Glass Millefiori Vase
Scott Kempton mixes techniques with hot glass to create dynamic vases.
Kempton begins by pre-making the millefiori canes, which is an involved process that requires some help from an assistant. He builds on different colored sections of hot glass until he has a pattern, and it is about the size of a coffee can. The process of making glass millefiori canes is very similar to doing it with polymer clay--but much, much hotter. Once the basic design is achieved, the cane is heated and pulled, which is when an extra pair of hands really comes in handy. This relatively small amount of glass can be pulled into a cane that is several feet long. The cane is then sliced into small pieces, which will in turn be incorporated into the vase later.
To begin the vase, Kempton goes to the furnace and picks up his first color of glass on the pipe, which will serve as the center during the process. Second and third layers of clear and colored glass are added respectively. At this point the molten glass is in a ball shape approximately three inches in diameter. Sections of dichroic glass are laid out in a hot box, and the molten ball is rolled over top to pick them up. Everything goes back into the furnace to re-heat and mesh the glass together. A small piece of a solid-colored glass cane is heated up and drizzled over the ball, creating a ribbon-like effect in the design. The slices of millefiori are now laid out in a pattern in the hot box, and again the molten glass is rolled over to pick them up. This is then carefully heated to make sure the millefioris are joining the glass well, without loosing their design.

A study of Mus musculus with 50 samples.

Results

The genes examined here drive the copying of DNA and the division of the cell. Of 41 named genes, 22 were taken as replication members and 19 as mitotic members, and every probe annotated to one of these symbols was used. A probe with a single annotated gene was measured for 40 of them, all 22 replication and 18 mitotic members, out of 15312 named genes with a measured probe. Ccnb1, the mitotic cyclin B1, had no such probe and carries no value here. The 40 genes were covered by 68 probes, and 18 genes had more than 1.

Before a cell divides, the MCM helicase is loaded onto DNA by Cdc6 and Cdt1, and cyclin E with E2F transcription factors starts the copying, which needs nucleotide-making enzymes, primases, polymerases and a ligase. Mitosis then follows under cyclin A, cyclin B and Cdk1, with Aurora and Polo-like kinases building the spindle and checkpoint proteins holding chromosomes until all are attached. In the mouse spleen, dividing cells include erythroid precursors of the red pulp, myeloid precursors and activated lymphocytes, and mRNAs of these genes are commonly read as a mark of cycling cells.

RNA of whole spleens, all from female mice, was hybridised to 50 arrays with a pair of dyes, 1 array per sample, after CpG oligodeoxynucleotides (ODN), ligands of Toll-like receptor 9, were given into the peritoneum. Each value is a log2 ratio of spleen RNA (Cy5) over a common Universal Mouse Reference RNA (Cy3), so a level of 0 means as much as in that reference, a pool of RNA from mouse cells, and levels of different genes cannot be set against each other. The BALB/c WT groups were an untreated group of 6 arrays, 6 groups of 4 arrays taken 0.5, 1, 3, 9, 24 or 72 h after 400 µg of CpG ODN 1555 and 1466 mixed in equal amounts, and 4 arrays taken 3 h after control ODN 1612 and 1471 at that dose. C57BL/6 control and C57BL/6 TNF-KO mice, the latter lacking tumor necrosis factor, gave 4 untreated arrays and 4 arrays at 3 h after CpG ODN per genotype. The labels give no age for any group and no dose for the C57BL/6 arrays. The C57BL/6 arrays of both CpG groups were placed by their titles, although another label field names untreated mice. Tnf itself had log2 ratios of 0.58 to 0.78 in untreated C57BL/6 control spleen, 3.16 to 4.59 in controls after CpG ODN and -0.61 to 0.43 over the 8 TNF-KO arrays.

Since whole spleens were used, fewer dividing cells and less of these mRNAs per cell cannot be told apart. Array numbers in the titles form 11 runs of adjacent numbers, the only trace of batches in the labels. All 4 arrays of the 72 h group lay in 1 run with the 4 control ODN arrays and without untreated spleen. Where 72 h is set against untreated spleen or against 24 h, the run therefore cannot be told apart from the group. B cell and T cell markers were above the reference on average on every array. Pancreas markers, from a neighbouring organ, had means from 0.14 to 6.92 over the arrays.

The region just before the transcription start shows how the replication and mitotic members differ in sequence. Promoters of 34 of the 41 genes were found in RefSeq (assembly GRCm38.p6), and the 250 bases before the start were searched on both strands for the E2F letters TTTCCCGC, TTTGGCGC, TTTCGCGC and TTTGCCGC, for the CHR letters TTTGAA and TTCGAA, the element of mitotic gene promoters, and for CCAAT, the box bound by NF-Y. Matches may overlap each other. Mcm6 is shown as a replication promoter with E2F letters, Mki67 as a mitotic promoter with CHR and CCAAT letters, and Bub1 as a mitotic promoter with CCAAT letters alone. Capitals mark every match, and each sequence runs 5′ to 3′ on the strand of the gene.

Once all this is accomplished, one last layer of clear glass is added to smooth out the piece, and the blowing begins. This is a process of blowing on the pipe and rolling the glass until the piece is the right size. The vase is then knocked of, the lip is refined, and the piece is put in the annealer for cooling. When the vase is fully cooled, several days later, it is a remarkably bright and vivid piece with several elements to its final design.